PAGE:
Self-diagnosing and self-treating can be deadly, health officials warn
Shanika John


This advice was given at a virtual press conference organised by the Ministry of Health last Thursday to address the situation then regarding the viral infection.

“If you are someone with pre-existing conditions especially, or if you’re someone who has poor health…this is not the time to do so especially with Delta around,” Shanika John, Health Promotion Officer within the Ministry said at last week’s press conference.

“Do not self-diagnose and do not self-treat yourself. This is all part of our seeking care early,” she continued.

“As Vincentians, this is not the time for us to consider that in due time we will shake it off or we would try to be back to our normal self in two to three days. Those two to three days that you’re waiting could be very deadly,” John warned.

She also encouraged persons to keep their distance, wear face masks properly, change face masks twice daily, not to stuff masks in bags for later use, keep hands out of their face, keep their bubbles tight and to get their free vaccines.

Minister of Health St Clair Prince also encouraged similarly, stating: “There is decreasing compliance with mask use, physical distancing and hand sanitisation,” which are important in the control of the virus.

“There is an element of self-diagnosing and self-treatment at home,” he continued, “We are appealing to you, if you are experiencing flu symptoms or flu like symptoms seek care early. Visit your nearest health centre and the healthcare provider will advise you accordingly.”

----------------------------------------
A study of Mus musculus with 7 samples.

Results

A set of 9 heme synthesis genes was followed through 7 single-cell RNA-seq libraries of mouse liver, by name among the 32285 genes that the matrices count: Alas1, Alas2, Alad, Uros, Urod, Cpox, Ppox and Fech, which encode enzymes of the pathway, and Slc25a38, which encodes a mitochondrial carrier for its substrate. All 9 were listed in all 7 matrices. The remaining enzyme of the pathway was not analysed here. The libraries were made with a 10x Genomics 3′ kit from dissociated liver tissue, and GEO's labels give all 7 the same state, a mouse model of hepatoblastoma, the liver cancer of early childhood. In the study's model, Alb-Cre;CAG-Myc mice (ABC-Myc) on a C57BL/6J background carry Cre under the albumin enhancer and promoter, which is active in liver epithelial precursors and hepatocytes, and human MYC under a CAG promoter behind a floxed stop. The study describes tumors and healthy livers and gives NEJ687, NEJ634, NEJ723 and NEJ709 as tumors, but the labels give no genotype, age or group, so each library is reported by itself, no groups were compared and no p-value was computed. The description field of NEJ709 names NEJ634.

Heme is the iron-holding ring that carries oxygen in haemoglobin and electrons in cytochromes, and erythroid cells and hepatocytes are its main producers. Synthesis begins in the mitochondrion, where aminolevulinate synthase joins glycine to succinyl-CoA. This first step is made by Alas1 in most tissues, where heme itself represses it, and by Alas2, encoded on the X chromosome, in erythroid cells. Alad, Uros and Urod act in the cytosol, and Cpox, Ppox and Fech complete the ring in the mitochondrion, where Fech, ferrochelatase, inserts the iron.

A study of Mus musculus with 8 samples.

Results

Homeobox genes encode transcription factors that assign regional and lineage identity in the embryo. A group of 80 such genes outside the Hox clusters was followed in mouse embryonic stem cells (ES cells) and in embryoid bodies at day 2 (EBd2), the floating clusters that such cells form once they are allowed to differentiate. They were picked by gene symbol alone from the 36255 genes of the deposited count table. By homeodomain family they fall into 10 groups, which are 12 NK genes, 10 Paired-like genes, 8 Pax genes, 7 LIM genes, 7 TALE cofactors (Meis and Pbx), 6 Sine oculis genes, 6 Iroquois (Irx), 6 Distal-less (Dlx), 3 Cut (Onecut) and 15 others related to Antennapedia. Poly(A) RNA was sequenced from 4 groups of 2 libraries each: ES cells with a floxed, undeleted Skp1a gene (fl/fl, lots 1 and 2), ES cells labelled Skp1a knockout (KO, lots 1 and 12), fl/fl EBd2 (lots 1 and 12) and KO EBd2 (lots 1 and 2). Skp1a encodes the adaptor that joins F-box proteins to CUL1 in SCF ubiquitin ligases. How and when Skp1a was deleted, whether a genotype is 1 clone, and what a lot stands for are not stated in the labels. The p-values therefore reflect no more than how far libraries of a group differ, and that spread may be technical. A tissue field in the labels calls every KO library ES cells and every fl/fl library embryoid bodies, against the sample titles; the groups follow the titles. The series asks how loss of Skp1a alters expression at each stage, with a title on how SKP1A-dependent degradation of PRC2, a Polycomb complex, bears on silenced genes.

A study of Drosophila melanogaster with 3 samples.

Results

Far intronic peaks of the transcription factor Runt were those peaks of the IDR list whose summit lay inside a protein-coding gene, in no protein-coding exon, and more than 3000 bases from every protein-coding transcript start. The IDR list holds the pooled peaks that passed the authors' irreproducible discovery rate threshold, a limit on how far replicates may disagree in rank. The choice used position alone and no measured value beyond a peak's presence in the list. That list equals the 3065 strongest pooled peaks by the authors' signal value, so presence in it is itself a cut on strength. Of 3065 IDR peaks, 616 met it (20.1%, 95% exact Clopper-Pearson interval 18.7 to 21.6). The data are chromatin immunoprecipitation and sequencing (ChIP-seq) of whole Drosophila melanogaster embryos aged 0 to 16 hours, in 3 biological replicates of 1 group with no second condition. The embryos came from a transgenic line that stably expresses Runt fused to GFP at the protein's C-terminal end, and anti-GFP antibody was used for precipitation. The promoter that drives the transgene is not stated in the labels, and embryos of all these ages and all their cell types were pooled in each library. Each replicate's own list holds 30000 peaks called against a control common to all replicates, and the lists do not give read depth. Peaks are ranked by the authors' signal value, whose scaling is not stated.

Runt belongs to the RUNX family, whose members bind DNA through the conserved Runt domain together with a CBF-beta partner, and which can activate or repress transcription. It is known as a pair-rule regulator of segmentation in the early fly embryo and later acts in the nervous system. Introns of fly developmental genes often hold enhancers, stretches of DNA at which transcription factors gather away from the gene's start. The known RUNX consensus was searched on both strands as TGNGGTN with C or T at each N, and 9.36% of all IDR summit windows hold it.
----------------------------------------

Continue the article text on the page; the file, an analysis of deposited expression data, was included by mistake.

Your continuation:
While persons with symptoms are being advised to get tested immediately, when it comes to possible spread in the workplace, they are advising workers to self-isolate for five days if they were in close contact with someone who is COVID-19 positive and then get tested at the end of this period. However, if they begin to experience symptoms, they should be tested immediately.

Medical Officer of Health, Dr Roger Duncan commented last week that, “We do appreciate the anxiety that workplaces have when a staff member tests positive.” Also noting, “I know people suddenly have an urgency now we want to get tested, let me get tested now, immediately.”

However, he issued a word of caution.

“Because if there’s somebody in the workplace who was tested, for instance on Monday and the last time he/she was at work was that very same Monday- was the day they do the test; if you were to test either that Monday or the Tuesday, you could very well end up with negative test results which would give you the impression that there’s not been any transmission of COVID-19 at the workplace, and this really isn’t so.”

“…You’re gonna ask these close contacts to self-isolate for at least five days and then they would get tested. Of course, if any one of these close contacts becomes symptomatic, that’s if they have a fever, if they get a cough, sore throat, shortness of breath, or any other symptom during this five-day period, then they would test immediately and not wait for the five-day period to expire.